Crude Falls; Silver, Gold Drop; Rice Gains: Commodities at Close

The Standard & Poor’s GSCI gauge of 24 commodities fell 0.3 percent to 650.05 at 4:51 p.m. Singapore time. The UBS Bloomberg CMCI index of 26 raw materials dropped 0.3 percent to 1,521.723.


West Texas Intermediate fell for the second time in three days after an industry report showed U.S. crude stockpiles increased the most in four weeks and a government order prevented the restart of a pipeline to the Texas Gulf Coast.

WTI for May delivery declined as much as 68 cents to $96.51 a barrel in electronic trading on the New York Mercantile Exchange and was at $96.62 at 3:18 p.m. Singapore time. The volume of all futures traded was 1.7 percent below the 100-day average. The contract settled at $97.19 yesterday, the highest since March 28. Futures have traded between $90 and $98 since the start of 2013.

Brent for May settlement was down for a second day on the London-based ICE Futures Europe exchange, dropping 48 cents to $110.21 a barrel. The contract decreased 0.4 percent to $110.69 yesterday. Trading volume was 54 percent above the 100-day


Asia fuel oil’s discount to crude is at the widest in more than a month, indicating bigger losses from producing the residual fuel. Gasoil’s premium to crude, or crack, is narrowing.

• Middle Distillates • Gasoil’s premium to Dubai crude narrows 73 cents to $16.11/bbl as of 1:30 p.m. Singapore time, according to data compiled by Bloomberg • May gasoil swaps down 10 cents at $124.02/bbl • May gasoil swap trades 27 cents/bbl below June contract. Contango narrows for a third day • May East-West gasoil spread at minus $8.25/mt • Jet fuel regrade at 15 cents/bbl premium to gasoil • May kerosene swap trades 27 cents/bbl below June contract

• Light Distillates • Singapore naphtha’s discount to London Brent crude narrows 10 cents to $11.22/bbl • May Japan naphtha swaps down $2.22 to $892.06/mt • May East-West naphtha spread widens 16 cents to $14.05/mt

• Fuel Oil • Fuel oil’s discount to Dubai crude widens 88 cents to $7.40/bbl, the widest since Feb. 27 • May 180-cst fuel oil swaps down $1.32 at $638.50/mt • May fuel oil swap trades 15 cents/mt above June contract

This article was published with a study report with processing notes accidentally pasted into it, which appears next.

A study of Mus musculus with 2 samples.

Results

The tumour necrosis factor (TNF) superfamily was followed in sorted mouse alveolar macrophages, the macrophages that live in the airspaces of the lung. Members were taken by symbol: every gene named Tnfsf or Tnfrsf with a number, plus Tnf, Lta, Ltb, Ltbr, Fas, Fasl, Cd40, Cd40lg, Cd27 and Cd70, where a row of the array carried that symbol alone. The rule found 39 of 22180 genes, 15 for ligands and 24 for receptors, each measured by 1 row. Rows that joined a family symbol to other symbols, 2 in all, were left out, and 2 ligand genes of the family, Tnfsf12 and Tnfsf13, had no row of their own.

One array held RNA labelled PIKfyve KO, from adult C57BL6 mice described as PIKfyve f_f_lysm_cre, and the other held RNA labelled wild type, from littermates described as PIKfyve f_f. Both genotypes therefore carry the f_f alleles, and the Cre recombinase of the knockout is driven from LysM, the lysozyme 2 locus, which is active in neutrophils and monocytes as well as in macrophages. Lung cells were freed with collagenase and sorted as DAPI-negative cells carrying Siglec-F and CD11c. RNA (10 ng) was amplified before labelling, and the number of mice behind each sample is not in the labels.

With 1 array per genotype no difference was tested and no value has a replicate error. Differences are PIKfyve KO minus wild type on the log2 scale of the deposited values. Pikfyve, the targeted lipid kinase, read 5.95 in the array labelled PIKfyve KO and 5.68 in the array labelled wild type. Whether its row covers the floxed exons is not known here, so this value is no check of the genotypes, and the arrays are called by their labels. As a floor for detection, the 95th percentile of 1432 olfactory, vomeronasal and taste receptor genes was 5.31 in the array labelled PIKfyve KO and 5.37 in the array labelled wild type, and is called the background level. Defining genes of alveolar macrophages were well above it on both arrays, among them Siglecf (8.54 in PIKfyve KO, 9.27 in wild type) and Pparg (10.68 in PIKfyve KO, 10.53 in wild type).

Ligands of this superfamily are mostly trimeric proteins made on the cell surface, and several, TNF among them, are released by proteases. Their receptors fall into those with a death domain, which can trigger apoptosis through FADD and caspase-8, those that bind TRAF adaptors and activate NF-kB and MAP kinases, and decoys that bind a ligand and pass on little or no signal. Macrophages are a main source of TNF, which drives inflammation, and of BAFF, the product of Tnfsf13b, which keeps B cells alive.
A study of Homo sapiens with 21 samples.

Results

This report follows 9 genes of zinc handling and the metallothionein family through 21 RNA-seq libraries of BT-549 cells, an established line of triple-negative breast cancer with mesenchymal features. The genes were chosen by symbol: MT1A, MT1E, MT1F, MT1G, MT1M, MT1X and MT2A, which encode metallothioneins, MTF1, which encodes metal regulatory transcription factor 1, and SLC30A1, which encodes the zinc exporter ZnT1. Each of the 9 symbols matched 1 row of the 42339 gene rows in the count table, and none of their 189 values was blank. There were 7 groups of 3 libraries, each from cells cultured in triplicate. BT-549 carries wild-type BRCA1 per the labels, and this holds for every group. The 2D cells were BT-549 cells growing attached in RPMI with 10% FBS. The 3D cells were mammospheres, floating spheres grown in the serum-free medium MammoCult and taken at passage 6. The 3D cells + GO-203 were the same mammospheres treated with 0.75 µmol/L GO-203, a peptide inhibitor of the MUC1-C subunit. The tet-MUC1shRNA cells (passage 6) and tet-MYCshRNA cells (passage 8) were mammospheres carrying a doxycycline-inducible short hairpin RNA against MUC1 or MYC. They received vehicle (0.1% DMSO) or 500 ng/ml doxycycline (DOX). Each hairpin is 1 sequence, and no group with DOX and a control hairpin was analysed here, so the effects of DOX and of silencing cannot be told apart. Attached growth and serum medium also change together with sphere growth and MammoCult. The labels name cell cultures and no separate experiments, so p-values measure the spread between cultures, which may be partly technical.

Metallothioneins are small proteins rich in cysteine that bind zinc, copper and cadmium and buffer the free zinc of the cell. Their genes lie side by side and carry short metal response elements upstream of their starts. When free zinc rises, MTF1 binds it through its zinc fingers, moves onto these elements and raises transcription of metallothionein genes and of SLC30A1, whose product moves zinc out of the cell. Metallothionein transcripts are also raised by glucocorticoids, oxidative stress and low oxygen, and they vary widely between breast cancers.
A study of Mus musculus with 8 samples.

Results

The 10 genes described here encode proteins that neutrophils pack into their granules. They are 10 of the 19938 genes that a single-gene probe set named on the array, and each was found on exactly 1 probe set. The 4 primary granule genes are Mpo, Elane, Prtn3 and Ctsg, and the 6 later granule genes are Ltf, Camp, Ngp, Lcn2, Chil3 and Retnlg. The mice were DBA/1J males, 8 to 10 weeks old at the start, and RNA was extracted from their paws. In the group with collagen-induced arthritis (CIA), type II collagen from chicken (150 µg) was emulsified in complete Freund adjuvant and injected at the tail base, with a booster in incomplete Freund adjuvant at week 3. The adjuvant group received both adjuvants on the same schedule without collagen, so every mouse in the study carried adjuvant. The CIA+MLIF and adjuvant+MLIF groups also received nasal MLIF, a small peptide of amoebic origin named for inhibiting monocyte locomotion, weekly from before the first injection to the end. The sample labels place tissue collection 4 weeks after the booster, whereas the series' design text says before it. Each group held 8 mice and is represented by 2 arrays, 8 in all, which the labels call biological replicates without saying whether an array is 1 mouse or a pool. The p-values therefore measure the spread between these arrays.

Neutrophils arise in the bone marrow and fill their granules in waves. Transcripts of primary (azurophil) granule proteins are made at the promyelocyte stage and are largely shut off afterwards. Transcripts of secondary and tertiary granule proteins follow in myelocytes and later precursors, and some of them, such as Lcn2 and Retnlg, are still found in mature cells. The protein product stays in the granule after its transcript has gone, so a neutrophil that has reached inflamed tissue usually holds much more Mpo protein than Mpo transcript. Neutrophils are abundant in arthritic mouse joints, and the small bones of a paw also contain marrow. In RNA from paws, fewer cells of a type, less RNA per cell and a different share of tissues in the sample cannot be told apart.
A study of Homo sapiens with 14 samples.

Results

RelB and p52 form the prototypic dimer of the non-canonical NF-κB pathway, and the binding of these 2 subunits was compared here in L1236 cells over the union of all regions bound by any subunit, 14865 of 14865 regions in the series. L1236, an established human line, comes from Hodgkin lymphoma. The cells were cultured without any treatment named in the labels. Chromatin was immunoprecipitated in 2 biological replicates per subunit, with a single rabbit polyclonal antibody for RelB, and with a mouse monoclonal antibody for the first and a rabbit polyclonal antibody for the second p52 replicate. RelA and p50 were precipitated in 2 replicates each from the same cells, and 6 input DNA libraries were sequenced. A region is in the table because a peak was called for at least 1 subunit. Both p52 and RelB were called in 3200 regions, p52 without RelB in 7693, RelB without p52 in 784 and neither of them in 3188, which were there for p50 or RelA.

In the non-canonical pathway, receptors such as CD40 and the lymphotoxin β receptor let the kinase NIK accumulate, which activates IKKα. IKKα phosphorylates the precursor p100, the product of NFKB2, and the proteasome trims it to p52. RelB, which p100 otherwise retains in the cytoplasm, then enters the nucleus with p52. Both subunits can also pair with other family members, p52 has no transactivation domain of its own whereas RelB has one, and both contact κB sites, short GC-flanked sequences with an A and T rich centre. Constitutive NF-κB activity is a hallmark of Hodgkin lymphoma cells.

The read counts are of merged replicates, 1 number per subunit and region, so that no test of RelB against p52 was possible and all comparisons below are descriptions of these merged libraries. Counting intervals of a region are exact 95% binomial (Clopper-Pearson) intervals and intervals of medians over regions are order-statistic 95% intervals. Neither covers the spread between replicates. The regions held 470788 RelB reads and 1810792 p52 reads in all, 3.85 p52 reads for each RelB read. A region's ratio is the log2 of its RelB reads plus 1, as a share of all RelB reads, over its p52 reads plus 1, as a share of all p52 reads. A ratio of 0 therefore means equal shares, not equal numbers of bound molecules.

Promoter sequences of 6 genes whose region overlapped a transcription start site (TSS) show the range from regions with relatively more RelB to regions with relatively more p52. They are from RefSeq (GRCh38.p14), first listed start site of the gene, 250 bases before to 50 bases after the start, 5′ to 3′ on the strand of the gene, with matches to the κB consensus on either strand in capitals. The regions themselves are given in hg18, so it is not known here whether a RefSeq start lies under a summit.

Copper in London fell for a fourth day, slipping to the lowest price since August, as inventories expand. Lead slumped to a five-month low.

The three-month copper contract fell as much as 0.8 percent to $7,404.50 a ton, the lowest since Aug. 20, on the London Metal Exchange and traded at $7,425 a ton at 4:38 p.m. in Seoul. Copper for May delivery fell 0.8 percent to $3.3510 a pound on the Comex in New York, while the July-delivery contract lost 0.8 percent to close at 54,060 yuan ($8,716) a ton in Shanghai.

On the LME, lead fell as much as 0.8 percent to $2,034 a ton, the lowest level since Oct. 30. Tin and nickel lost 1


Silver tumbled past the $27 an ounce level for the first time in more than eight months, exceeding losses in gold, platinum and palladium today, as investors sought higher returns in stock markets.

Spot silver lost as much as 1.3 percent to $26.92 an ounce, the cheapest since July 25, and traded at $26.025 by 3:33 p.m. in Singapore. Gold lost as much as 0.8 percent at $1,563.68 an ounce, the lowest level since March 8. Futures for June delivery fell 0.6 percent to $1,566.20 an ounce on the Comex.

Cash platinum lost as much as 0.8 percent to $1,559.50 a ton, the lowest since March 20, before trading at $1,562.38. That pared this year’s gains to 1.5 percent. Spot palladium


Rice advanced to the highest level in more than a month in Chicago, extending the biggest jump since June, as farmers in the U.S. plan to cut acreage to the smallest in more than two decades.

Rough rice for delivery in May climbed as much as 1.1 percent to $15.945 per 100 pounds on the Chicago Board of Trade, the highest for the most-active contract since March 1. Futures were at $15.925 at 2:57 p.m. in Singapore on volume that was almost four times above the average for that time of the day. The price rallied 3.3 percent yesterday, gaining 50 cents, the most allowed.

Wheat for delivery in May gained as much as 1 percent to $6.7725 a bushel in Chicago, extending yesterday’s 1 percent gain. The grain, which fell to $6.5975 on April 1, the cheapest for a most-active contract since June 20, was at $6.7625.

Corn for May delivery dropped 0.5 percent to $6.375 a bushel. The grain, which entered a bear market this week on prospects for increased supply, dropped to $6.34 yesterday, the lowest level in nine months.

Soybeans for May delivery dropped as much as 0.9 percent to $13.82 a bushel, the cheapest for the most-active contract since Jan. 14. The oilseed, which traded at $13.8425, fell for the second straight quarter in the three months to March.

Rubber rose from the lowest level in four months on better-than-expected factory orders in the U.S. and optimism for purchases from China, the biggest user.

The contract for delivery in September rose 0.2 percent to settle at 261.7 yen a kilogram ($2,800 a metric ton) on the Tokyo Commodity Exchange. Futures closed at 261.1 yen yesterday, the lowest in four months, after passing the threshold into a bear market on April 1.

June-delivery palm oil contract climbs 0.5 percnet to trade

Before it's here, it's on the Bloomberg Terminal.